By Fred Swegles
It’s been so dry around here for so many years, we seem to have forgotten what a “normal” rainy season looks like.
No matter what hyperbole you may have heard on the 11 o’clock news over the past three months, the supposedly uber-wet winter that we’ve just endured hasn’t even amounted to an average wet winter of years past.
According to San Clemente’s municipal website, we’ve had 6.67 inches of precipitation since Oct. 1, the date the National Weather Service uses to begin its annual tally of rainfall, October to October.
Typically, the lion’s share of our rain comes in January and February. Very occasionally, we get a fair bit in March. I decided to go back and see how 2019 stacks up.
Sorry, folks, our year is underwhelming.
I have a set of statistics compiled by a one-time enthusiastic San Clemente weather watcher, Bob Kabel. He had a rain gauge in his backyard, and from 1985 through 2006 I used to call him any time I needed day, storm or season rainfall counts for a weather story. In 2007, the resource vanished. The retiree moved out of town.
During the 21 years he recorded, San Clemente averaged 14.7 inches of rain per year. This year, which has struck some people as extreme, the total isn’t even half that.
And our wet season is basically over. We typically get only an inch of rain in April, maybe, then trace amounts after that.
A memorable rainy season would be 1992-93, when we got 27.24 inches of rain.
Long-timers will remember that El Niño year. A mudslide destroyed five bluff-top homes, burying Coast Highway for two years. A North Beach restaurant and motel washed away.
Two years later, we got 31.67 inches. Then 1998 repeated that 31-inch rain count. In 1998, San Clemente was all over the 11 o’clock news. Residents of Capistrano Shores Mobile Home Park at North Beach got slammed, one storm after another, by big surf coupled with extremely high tides.
News helicopters were a familiar sight.
Then 2001 and 2003 were above-average—in the 16- and 18-inch range—and 2005 was our last real biggie: 29.82 inches.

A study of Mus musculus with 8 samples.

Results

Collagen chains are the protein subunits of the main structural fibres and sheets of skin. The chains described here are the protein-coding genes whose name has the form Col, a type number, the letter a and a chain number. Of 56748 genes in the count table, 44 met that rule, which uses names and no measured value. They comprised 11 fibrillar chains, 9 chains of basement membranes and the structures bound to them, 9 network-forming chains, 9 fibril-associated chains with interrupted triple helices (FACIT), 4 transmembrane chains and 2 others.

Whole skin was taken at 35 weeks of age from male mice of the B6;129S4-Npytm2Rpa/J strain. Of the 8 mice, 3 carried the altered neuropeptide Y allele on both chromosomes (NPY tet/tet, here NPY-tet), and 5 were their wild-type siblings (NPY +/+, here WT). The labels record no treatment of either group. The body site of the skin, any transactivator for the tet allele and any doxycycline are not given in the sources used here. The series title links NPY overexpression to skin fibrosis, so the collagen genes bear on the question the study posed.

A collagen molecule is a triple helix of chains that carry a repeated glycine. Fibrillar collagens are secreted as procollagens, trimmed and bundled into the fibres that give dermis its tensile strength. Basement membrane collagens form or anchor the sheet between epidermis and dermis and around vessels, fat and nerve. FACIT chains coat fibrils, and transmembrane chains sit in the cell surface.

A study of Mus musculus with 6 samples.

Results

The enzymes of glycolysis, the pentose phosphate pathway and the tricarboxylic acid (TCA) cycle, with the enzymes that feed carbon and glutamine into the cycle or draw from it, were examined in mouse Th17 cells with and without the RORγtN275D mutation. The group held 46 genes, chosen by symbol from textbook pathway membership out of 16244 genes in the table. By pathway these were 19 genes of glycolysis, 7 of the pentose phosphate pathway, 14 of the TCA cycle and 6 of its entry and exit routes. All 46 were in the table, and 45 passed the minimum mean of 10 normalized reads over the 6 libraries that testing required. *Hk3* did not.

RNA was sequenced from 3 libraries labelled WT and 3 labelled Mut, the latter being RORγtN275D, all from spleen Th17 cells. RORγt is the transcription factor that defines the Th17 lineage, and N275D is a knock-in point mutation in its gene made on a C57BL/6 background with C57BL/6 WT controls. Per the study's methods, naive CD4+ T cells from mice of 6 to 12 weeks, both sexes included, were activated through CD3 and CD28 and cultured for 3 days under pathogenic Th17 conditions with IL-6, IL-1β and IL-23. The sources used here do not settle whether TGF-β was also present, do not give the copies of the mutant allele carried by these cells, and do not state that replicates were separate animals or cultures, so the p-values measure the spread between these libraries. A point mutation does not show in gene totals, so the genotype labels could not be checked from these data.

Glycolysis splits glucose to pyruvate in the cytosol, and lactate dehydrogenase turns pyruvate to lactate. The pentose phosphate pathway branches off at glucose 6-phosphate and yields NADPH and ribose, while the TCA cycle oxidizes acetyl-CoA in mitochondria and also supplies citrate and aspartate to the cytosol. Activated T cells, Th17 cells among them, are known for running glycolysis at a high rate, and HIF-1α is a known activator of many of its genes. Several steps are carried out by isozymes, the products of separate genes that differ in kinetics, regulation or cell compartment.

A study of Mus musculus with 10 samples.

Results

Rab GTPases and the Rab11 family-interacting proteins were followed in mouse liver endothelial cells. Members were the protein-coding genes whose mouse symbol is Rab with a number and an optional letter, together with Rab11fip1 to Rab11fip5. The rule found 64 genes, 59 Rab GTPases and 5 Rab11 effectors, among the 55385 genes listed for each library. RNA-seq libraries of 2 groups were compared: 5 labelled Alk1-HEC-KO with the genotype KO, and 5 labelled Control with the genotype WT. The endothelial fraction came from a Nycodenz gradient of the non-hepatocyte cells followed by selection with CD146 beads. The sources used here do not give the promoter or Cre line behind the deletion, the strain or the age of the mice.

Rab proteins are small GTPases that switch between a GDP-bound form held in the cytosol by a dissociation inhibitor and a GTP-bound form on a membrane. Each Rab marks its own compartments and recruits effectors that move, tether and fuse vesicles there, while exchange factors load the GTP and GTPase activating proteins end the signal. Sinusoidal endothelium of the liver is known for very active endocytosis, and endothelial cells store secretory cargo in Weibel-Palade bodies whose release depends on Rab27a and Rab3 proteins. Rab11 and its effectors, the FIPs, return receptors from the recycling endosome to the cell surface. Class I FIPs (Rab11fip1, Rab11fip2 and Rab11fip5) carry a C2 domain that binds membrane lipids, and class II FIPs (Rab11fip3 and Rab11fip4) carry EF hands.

My guess is that 2005 was the last year that generated enough floodwaters in San Mateo Creek to breach the sand berm at Trestles, as it did this year despite much less rain.
I asked the National Weather Service if my 2005 memory sounds right, since I no longer have stats handy for succeeding years. Forecaster Casey Oswant was able to confirm that we’ve had nothing like 2005 since.
In fact, our 6.67 inches of rain so far this season is actually less than what we experienced during a single month during the wetter years of my 21-year period.
In 1993, we got 13.95 inches of rain in January, alone. In 1995, 11.90 inches in January. In 1998, 12.62 inches in February.
In 2001, a year that produced 18.72 inches of rain in San Clemente, we got half of it— 9.49 inches— in January alone.
During 2005, our last bonkers El Niño year, we got 8.98 inches in January, then 8.73 inches in February, BAM!
The wettest March in my stats was 7.10 inches in 1991. The 21-year average for March was just 2.72 inches. The average for April, just 1.03 inches.
The National Weather Service couldn’t give me an apples-to-apples yearly comparison to my locally kept statistics. The closest set of years the weather service had was that Newport Beach has averaged 10.6 inches of rain per year over the last 30 years, Oceanside 10.32 inches per year.
San Clemente is likely very similar to either of those coastal cities.
My 21-year stats from 1985 through 2006 show an average annual rainfall of 14.7 inches in San Clemente. We’ve been so dry since 2006, especially the past five years of scary-dry conditions, that our average could easily have dropped from 14.7 inches to 10.3 or 10.6 inches since my weather-watching statistician moved away.
Now, if we could only do something about those abominable wildfires that are denuding our hills every year. They’ve generated mudslide havoc, even with considerably less rain than during truly El Niño winters past.
Fred Swegles is a longtime resident of San Clemente with more than 48 years of experience covering the city.